In his first general conference address since he was sustained to the First Quorum of the Seventy last April, Elder W. Eugene Hansen said the word "love" best characterizes the life and mission of the Savior.
"The Savior's mission was begun out of love that the Father had for His children," said Elder Hansen in reference to John 3:16, which states, "For God so loved the world that he gave his only begotten Son ...""Thus," said Elder Hansen, "the greatest mission in the history of the world was ordained and begun because of the love of our kind and caring Eternal Father."
Elder Hansen noted, "You will recall when the Pharisees, in their effort to ensnare the Master, had the lawyer put the question to him, `Master, which is the great commandment in the law?"
An attorney at the time he was called as a General Authority, Elder Hansen elicited laughter when he interjected a personal comment: "I wish it had been someone other than a lawyer who had asked that question, but there is some comfort in the fact that the Pharisees put him up to it."
Quoting the Savior's response, Elder Hansen recited, "Thou shalt love the Lord they God ... [and] Thou shalt love they neighbor as thyself. On these two commandments hang all the law and the prophets." (Matt. 22:36-40)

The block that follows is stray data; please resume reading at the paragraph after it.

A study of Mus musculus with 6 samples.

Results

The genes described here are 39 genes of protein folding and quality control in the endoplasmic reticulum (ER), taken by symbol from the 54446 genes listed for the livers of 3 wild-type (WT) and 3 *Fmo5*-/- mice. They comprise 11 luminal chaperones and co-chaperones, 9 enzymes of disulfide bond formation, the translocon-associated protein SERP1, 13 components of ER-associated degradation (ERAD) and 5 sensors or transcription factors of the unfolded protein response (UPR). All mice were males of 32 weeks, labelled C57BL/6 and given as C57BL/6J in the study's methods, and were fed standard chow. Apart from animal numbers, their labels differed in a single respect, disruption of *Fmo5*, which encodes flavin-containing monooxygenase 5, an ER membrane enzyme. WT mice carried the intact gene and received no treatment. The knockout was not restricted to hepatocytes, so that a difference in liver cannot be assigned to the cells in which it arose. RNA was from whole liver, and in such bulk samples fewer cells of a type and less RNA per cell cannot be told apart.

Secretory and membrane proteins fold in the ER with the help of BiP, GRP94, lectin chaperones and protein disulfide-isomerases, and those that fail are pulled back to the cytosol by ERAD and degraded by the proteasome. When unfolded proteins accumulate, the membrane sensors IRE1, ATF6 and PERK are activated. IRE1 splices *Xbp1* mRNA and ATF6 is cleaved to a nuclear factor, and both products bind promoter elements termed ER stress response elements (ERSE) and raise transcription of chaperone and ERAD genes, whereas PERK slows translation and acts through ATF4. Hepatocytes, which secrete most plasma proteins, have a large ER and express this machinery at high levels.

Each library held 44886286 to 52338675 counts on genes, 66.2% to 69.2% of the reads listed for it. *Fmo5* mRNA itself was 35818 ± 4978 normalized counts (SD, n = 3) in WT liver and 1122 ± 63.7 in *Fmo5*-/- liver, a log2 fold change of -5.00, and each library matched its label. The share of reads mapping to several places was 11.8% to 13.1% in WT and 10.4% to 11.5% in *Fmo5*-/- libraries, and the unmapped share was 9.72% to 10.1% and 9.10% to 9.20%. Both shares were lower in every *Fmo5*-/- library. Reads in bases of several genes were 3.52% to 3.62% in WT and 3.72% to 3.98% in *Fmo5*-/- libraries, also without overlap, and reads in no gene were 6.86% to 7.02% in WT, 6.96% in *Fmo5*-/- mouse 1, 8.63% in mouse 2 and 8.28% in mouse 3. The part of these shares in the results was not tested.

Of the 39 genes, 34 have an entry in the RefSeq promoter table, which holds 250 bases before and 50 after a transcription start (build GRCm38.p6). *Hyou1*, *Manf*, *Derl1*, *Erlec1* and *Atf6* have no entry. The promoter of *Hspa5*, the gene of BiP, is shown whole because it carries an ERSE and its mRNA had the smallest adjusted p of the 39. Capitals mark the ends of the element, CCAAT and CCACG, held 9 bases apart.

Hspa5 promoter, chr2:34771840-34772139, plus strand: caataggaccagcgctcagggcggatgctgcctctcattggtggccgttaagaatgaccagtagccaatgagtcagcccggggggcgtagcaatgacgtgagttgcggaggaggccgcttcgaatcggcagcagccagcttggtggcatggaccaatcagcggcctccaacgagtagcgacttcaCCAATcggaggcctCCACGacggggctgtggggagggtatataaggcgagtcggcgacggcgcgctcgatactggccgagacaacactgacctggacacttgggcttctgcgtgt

Elder Hansen referred to a comment by the late Elder James E. Talmage, who concluded that these two commandments "are so closely related as to be virtually one."
Continuing, Elder Hansen said, "As we approach what seem like insurmountable problems facing mankind today, there has never been a greater need for love in the world, not only of God, but love of all mankind."
He noted that as a Church, members are fortunate to be able to show love and render service in an organized way through such efforts as doing missionary work, paying tithes and offerings, and serving in priesthood quorums and auxiliaries.
"But for all of the good that is being accomplished," he noted, "much remains to be done. Perhaps the greatest opportunity for improvement is in our individual relationships with one another."
Elder Hansen offered four suggestions to help focus on princniples "that will make us kinder, gentler, more harmonious and loving persons."
"First," he said, "be considerate. Be sensitive to the thoughts and feelings of others, always careful not to demean or belittle by either word or act ...
"Second, be complimentary. Look for attributes and acts of others that you can be genuinely complimentary of ...
"Third, be charitable. Charity is the opposite of selfishness ...
"Fourth, be grateful. If we would show our love to our Heavenly Father, we would be grateful. We should show our gratitude by the way we live, not just by what we say or profess."